Bob Baffert has won. He isn’t yet in the clear on suspicion that Medina Spirit, the Kentucky Derby-winning colt he trained, had been given steroids before the race, but he can claim a small victory after a New York judge ordered the New York Racing Association (NYRA) to back down on Wednesday. Brooklyn Judge Carol Bagley has vacated the suspension the organization had given Baffert this past May.
Baffert Back to the Gates
In a routine drug test following the colt’s win at the Kentucky Derby, Medina Spirit was found to have traces of steroids in its system. The steroid, betamethasone, is legal in small doses when used to treat certain injuries and inflammation, but cannot be used on the day of a race. After the test results were made public, and while they were being contested, the NYRA issued a permanent ban against Baffert’s participation at any of its three New York tracks. The Kentucky Derby’s Churchill Downs then took similar measures, implementing a two-year ban.
Baffert, who has maintained that the presence of betamethasone could only be a result of the use of a topical cream to treat the colt, then sued the NYRA, arguing that he had been unjustly prosecuted and persecuted without a chance to defend himself. Judge Bagley agreed, ruling that he had not been afforded due process as required by law. She also hit back at the NYRA for subjective application of the rules, asserting, “…As uncontested data show, NYRA has permitted numerous trainers to race at NYRA this season who have medication violation histories comparable or more serious than Baffert’s. These data belie NYRA’s claim that integrity or safety [demands] the exclusion of someone with a violation record like Baffert’s.”
The reversal meant that Baffert was eligible to enter a horse or horses at the NYRA’s Aqueduct, Belmont and Saratoga tracks. A meet began yesterday at Saratoga that runs through September 6; however, there have been no indications that Baffert is participating. Other races in the state beginning next month will be likely targets, giving the Hall of Fame trainer time to get organized.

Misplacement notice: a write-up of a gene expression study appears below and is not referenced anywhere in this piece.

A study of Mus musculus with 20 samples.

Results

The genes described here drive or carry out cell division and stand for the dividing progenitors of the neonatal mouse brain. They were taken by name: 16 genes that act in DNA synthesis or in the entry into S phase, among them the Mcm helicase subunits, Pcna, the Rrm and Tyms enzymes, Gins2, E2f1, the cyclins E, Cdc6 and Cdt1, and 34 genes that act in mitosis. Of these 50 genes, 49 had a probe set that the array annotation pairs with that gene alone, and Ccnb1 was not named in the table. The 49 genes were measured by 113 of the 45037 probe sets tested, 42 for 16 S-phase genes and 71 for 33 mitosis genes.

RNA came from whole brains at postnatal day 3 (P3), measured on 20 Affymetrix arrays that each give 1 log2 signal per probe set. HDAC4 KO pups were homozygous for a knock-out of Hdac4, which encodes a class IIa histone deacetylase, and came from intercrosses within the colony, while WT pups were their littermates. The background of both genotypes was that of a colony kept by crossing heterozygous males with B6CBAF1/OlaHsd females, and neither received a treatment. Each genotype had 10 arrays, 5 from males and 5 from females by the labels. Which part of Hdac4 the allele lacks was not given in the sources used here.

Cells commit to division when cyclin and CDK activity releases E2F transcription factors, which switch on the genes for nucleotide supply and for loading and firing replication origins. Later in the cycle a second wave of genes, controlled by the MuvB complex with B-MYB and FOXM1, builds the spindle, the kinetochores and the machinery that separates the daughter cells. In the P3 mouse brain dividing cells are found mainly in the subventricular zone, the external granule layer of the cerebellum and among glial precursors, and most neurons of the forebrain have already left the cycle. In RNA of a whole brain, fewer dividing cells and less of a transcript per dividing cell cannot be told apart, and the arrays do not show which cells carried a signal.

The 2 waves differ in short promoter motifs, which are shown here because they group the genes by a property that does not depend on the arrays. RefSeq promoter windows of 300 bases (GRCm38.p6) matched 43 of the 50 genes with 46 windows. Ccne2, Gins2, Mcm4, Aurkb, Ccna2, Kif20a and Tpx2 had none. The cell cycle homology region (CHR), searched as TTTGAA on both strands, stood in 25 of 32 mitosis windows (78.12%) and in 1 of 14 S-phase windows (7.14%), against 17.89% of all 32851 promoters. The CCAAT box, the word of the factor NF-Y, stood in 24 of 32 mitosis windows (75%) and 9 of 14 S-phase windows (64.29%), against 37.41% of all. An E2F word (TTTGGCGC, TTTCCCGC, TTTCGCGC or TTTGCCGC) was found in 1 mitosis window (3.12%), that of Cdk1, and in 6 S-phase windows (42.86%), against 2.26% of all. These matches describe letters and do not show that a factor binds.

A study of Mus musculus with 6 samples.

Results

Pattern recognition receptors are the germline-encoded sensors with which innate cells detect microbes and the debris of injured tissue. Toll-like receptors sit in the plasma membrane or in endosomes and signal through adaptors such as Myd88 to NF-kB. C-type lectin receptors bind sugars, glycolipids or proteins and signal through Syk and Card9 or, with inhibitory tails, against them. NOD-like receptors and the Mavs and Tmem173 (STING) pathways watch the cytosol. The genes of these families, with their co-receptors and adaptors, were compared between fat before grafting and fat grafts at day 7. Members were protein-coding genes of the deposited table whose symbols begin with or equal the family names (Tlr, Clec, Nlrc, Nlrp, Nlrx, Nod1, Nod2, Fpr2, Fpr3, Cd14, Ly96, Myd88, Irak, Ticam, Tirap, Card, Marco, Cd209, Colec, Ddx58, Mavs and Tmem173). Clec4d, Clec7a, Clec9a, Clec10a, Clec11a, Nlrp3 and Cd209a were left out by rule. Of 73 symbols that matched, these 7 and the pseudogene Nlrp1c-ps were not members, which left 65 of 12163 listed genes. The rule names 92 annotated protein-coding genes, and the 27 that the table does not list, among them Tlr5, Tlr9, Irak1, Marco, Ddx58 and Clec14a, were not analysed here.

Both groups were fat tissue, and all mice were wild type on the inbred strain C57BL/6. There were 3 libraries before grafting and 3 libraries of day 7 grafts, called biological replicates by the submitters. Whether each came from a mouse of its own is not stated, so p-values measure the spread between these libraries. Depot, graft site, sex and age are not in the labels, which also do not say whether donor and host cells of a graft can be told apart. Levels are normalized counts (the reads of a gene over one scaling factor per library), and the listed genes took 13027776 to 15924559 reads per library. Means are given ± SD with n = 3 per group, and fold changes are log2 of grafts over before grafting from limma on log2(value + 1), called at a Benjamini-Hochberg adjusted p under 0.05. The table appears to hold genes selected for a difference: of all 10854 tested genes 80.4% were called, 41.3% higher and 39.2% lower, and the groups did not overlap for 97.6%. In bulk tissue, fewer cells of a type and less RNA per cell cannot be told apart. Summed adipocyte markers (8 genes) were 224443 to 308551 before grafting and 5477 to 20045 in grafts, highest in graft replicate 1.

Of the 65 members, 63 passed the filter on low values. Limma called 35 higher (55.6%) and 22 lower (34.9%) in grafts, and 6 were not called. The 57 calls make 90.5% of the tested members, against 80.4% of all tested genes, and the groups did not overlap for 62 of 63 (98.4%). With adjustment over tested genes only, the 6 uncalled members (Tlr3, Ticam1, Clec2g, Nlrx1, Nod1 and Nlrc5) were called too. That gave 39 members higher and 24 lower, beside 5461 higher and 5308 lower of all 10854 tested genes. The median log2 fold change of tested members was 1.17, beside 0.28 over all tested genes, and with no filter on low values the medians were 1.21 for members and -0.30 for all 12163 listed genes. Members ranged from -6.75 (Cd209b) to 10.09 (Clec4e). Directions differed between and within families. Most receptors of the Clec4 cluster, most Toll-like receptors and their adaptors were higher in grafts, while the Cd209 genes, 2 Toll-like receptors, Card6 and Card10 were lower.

Still No Word on Medina Spirit
After Medina Spirit tested positive for steroids, a request to have a third-party lab run analysis on the colt’s blood and urine was granted. The level of betamethasone still registered higher than what would have been expected under normal circumstances, although the tests didn’t produce definitive proof. Still, Churchill Downs handed Baffert the two-year suspension, which he has not contested through legal channels.
The Kentucky Horse Racing Commission (KHRC) now has to determine whether there is sufficient evidence to strip Medina Spirit’s Kentucky Derby title. The commission will hold a hearing on the matter at some point, but hasn’t said when. If history is any indication, it may be a long time before a decision is made. The only other time a horse has been disqualified for a positive drug test was in 1968, when Dancer’s Image popped positive for phenylbutazone. However, it wasn’t until 1972 that the final outcome was reached. The runner-up, Forward Pass, had been handed the win, but it took a Kentucky court judge’s involvement to settle a four-year legal battle before the case was put out to pasture.